Promoting Your Band: Quick advice
There are plenty of ways to promote your band, both good and bad. Listed below (in no particular order) is our advice on getting your band noticed.
- Open for other Bands
- Play Open Mics
- Play festivals, battle of the bands, etc.
- Play for free
- Consider getting a booking agent or band manager
- Get a good website
- Get Promo Merchandise
Get in touch with other local bands that are more established. Offer/ask to open for them. You'll get a built in audience, and promotion is what it's all about at this point. Plus, it's a great way to learn the ropes from the established local indie bands.
Relatively easy to schedule, and great for live show experience in front of an actual audience. Size of your audience will vary. Always a good idea to scout out the venue first or you might be setting yourself up for an audience in the single digits. (Yes, that can and does happen). Play the same venues on a consistent basis, let the regulars get to know you, and (assuming you're any good) you'll be on your way to building a fan base.
You'll get big audiences, which is both good and bad. If this is your first show and some people in your band are a little sketchy on where the changes are in a few songs... well, you don't want to let several hundred or thousand people know that you're just starting out. Practice a lot, make sure you're tight on every song, and have your set list ready. And put on a good show - be fun to watch on stage (practice this part, too). Yeah, your music might be great, but if your lead singer just stands there and you don't make a huge impression, then you've wasted a great opportunity. And again, don't play festivals with a crowd that's wrong for your band. Pick shows that make sense, not just the first thing that's available.
If you're in this to make money right away, start playing weddings (seriously). Otherwise, realize that clubs and bars have no idea who you are, and assume that you can't draw anyone to your shows (which is probably true). If the club or bar owner is trying to make a profit, they want people to come pay a cover charge and drink/eat. With no draw, just booking you is a risk. Are they really going to want to pay you to play as well? Most will give you a percentage of the cover (if there's a cover). But once you do start drawing people make sure to mention this to the club/bar owners. Then you have some room to negotiate (and if you're drawing, most likely they've heard of you by now). Be honest. Don't say you normally draw 50 when your best draw was 40 and all the rest were 10. You might get that first show, but you won't get any more.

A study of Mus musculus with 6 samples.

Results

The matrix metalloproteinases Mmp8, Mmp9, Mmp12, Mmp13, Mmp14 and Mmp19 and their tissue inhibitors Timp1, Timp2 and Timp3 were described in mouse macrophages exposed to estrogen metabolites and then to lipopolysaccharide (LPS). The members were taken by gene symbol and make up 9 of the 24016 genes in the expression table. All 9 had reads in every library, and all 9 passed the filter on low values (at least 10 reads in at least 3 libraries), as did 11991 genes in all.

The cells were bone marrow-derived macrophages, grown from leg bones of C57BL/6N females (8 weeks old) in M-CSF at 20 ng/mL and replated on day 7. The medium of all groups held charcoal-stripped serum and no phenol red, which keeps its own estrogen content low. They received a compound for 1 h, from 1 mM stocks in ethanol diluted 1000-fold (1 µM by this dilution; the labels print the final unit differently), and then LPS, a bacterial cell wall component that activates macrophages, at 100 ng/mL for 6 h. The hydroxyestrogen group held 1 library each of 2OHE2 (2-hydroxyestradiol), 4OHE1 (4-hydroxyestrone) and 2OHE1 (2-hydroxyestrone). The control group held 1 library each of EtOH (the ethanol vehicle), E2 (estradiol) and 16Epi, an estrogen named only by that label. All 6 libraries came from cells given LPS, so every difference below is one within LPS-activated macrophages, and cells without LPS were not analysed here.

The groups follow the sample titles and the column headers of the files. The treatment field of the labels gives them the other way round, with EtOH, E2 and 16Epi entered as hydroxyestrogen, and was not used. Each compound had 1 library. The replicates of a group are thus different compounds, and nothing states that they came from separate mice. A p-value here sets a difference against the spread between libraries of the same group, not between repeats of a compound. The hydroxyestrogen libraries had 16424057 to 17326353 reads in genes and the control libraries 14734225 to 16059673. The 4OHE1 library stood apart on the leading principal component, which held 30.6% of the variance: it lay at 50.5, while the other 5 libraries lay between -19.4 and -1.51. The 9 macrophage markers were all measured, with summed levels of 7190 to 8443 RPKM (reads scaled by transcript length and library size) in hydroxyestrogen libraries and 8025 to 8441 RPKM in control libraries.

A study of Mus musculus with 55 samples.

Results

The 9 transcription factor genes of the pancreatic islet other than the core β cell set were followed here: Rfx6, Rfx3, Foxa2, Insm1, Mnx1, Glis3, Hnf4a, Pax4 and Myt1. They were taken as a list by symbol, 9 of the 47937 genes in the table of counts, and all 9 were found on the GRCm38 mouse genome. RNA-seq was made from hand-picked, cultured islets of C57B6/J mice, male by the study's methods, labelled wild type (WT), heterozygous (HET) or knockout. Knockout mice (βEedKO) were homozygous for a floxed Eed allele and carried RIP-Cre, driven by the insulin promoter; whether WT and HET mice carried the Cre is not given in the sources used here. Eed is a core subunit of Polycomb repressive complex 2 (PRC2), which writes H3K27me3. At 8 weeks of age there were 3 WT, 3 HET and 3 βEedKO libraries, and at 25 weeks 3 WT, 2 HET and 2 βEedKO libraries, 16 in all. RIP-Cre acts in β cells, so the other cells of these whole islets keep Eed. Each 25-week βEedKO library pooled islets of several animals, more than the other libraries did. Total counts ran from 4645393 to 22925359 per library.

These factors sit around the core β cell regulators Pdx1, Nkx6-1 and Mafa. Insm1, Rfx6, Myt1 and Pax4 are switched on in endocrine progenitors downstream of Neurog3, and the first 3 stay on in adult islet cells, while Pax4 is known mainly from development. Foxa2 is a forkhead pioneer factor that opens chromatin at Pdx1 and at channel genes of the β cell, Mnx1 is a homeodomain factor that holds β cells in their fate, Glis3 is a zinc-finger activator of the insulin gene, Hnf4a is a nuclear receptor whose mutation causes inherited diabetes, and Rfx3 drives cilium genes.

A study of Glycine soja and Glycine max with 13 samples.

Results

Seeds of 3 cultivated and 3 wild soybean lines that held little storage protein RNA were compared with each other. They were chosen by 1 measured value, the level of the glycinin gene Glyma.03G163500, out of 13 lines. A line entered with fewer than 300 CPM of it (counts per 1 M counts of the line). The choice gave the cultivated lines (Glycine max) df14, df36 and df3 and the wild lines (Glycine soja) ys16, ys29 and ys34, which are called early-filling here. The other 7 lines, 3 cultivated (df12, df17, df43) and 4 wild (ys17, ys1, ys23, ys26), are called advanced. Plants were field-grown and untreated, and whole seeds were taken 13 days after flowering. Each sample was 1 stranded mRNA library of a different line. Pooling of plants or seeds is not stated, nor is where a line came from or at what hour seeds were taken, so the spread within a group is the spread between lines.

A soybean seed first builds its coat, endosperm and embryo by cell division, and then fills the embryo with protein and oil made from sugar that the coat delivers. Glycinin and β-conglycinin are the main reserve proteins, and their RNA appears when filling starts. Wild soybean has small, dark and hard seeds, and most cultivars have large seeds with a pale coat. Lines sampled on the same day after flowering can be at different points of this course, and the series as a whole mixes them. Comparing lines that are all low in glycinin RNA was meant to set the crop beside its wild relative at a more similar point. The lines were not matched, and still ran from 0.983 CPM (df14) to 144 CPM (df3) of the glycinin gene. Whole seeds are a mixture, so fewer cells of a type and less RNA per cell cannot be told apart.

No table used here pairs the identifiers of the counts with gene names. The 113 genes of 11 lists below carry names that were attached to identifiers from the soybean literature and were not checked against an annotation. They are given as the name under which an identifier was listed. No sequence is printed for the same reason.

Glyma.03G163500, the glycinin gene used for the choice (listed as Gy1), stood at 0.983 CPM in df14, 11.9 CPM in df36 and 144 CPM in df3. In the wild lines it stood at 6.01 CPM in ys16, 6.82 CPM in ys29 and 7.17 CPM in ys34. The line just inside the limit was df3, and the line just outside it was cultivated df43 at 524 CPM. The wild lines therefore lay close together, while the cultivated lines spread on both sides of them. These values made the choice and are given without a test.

If you live in a larger city you can consider getting a booking agent or manager to handle the promotion for you. Of course they will take a percentage, but that's the good part. More money for them means they're getting more shows for you. If you live in a smaller town be wary. Your choice of agents (if you can locate any) will be pretty slim and their credentials may be non-existant. Judge based on their past results and make a detailed timeline of expected results over the next month, six months, and year. Without letting your agent know your goals, you won't get the outcomeyou want. Re-evaluate your agent periodically. Are you playing as many shows as you want to? Are you as well known as you want to be? Does this match what the agent said 6 months ago?
Seems obvious, but getting a good website can easily be overlooked, put off, or done poorly. Start by making sure your domain name is easy to remember. (Get your own domain name, rather than a shared one, if possible.) If it has more than one slash / in it, it's too complicated. Include a list of your upcoming shows, and update this part regularly. How can you expect fans to show up if they don't know when you're playing next? Include details: the location of the show, directions, and the time you're expected to go on stage (especially useful if it's an all day festival). Check your e-mail and answer it. The last thing you want is to send out a buch of presskits and not respond to an e-mail from a label until 2 weeks later, or get a last minute offer to play a big show and miss out because you didn't read your e-mail. Include a blog if you have the time to do it - it's a great way to get feedback from fans. And finally, don't overcomplicate your site. If you know you don't have time to update your site every day, don't make a daily news section.
Yes, we are promoting Bandmonster here. (Rule #1 for bands and businesses alike: always promote yourself!)
Stickers are a great tool - they're cheap and popular. Consider giving them away, because everyone likes free, and more people will visit your site and advertise your band on the back of their car, bookbag, etc.